Many brides in the United States think of white wedding dresses as “traditional,” but the white wedding dress is actually a fairly recent custom. When Queen Victoria was married in 1840, she chose a white wedding dress and immediately started a fashion. While most working-class brides continued to get married in a best dress, regardless of color, well-to-do brides in Britain and America followed the Queen and got married in white.
As other brides followed suit, people began to think of the white color as a symbol of purity, and within one short century the white wedding dress became a must.
But as times have continued to change, more and more brides are beginning to buck Victoria’s example and let their true colors show.
Some brides brighten up the traditional white dress with deftly placed colored accents. These can serve to draw the eye to the bride’s best features, match color accents in the groom’s outfit, or just add a fun splash of color.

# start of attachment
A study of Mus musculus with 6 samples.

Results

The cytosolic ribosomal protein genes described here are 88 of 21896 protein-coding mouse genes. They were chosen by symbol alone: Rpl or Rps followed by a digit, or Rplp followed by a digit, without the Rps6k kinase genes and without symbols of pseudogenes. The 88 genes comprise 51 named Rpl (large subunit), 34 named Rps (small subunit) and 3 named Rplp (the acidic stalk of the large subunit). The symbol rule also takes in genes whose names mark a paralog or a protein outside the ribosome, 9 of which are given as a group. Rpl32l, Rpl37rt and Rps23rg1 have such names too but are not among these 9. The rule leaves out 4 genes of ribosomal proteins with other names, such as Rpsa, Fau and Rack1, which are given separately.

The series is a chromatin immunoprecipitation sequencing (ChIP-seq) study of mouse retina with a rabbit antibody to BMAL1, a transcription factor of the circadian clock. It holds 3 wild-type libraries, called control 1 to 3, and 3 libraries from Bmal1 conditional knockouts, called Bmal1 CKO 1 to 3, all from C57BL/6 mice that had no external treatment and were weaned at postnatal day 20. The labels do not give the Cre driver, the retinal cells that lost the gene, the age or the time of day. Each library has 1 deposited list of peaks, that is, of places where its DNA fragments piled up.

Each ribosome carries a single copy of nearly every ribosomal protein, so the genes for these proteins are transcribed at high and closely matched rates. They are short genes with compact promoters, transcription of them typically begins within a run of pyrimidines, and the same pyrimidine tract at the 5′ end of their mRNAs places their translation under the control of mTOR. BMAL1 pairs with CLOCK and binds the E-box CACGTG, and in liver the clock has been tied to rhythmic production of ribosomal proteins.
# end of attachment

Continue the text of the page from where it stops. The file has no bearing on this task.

Modern brides looking for something a little bolder are making wedding dresses in champagne and gold increasingly popular. Either color is elegant enough for a formal wedding, and the brides look every bit as striking as their sisters in white.
Adding a little color to your wedding dress doesn’t just add flexibility to your choices – it can also be a beautiful way to honor your heritage.
Traditional African bridal wear comes in all kinds of colors. Some colors and patterns are used to honor the area the bride and groom come from, or some have personal or family significance to the bride and groom. A modern couple that chooses traditional brightly colored cloth to enhance standard Western wedding outfits can make for a stunning pair.